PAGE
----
When we left the US, we brought with us only what we could carry on our backs. The remainder was sold, donated, or discarded.

Except of course for those extremely critical items we would definitely need again some day. No, these most cherished of items were stored in a friend’s basement, because how could we possibly live without them?

Now 6 years later, we cracked open this most precious of Time Capsules, thereby rediscovering the things we think we truly need.

The Things We Think We Need

What were the few remaining items that we decided to keep all of these years? What was so important that it required long term storage?

After scrounging around in a crawl space for 30 minutes, I emerged victorious with 2 boxes, a rice cooker, an acoustic guitar (w/ amp & pedals), and a fine veneer of cobwebs and dust.

“The things you own…”

Box 1 was full of photography and cook books. It took about 15 seconds to recognize only one of these would be read again.

Box 2 was a bit more interesting….

Mini Winnie

How to get rid of stuff

The human animal is a strange one, in that we get attached to physical items.

Digging through this pile of stuff, we were both a little dumbfounded… we kept all of this crap?

The family photos obviously have sentimental value, but literally everything else is homogenous, mundane, and replaceable. So I reflected on our process and methods for getting rid of stuff…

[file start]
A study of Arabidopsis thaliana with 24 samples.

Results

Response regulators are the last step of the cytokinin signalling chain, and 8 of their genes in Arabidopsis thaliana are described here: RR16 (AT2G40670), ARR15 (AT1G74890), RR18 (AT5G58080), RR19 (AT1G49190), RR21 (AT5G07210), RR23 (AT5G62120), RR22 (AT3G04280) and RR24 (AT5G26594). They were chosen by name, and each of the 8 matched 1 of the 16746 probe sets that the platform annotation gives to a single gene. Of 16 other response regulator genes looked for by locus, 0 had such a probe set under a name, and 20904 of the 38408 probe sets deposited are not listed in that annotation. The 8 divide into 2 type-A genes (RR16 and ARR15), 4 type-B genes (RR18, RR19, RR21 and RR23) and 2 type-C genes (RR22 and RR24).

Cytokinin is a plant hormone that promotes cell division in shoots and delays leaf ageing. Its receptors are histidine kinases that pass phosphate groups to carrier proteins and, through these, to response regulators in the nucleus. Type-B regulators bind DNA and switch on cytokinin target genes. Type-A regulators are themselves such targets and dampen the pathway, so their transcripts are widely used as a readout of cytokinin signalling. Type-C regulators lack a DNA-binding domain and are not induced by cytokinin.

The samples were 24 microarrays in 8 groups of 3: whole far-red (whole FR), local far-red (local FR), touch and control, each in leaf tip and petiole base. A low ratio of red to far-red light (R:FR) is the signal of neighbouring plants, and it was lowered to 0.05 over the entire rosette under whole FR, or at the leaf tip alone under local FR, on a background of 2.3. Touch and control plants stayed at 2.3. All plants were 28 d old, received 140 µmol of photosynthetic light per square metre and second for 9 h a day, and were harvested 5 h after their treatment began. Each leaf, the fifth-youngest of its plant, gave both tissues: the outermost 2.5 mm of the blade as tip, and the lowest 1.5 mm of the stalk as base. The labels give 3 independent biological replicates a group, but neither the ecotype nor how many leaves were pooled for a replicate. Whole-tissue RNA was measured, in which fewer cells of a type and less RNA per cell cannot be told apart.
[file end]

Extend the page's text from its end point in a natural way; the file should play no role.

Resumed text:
Step 1 – divide everything you own into 3 piles – Keep, Discard, and To Be Determined (TBD)

Step 2 – get rid of everything in the Discard pile – donate, sell, recycle, whatever…

Step 3 – push everything back into one pile and repeat until everything is obviously in the Keep pile

Any documents or photos should be scanned/digitized, and the originals shredded and recycled.

This method helps to overcome irrational attachment:

– first, it requires no hard decisions. The TBD pile allows us to ease into downsizing

– second, it allows momentum to build. By discarding even one item, it becomes easier to get rid of the 2nd and the 3rd and so on..

In hindsight, this method also has some minor flaws:

– it is easy to keep the cycle going indefinitely, until you end up with 2 boxes of mostly crap in a friend’s basement

Next Steps

Sifting through the things we didn’t successfully eliminate from our lives was a fascinating exercise. Who knew these things were so important?

We head back to Taipei in a few days, and the family photos, guitar, french press, 1 cook book, and the bike pump are coming with us. I’m debating what to do with the football cards.

Everything else has been shredded or found a new home. I guess you could say we just ran through Steps 1, 2, and 3 one last time.

It’s almost like we should have done this years ago…

Have you successfully downsized? What do you think you need?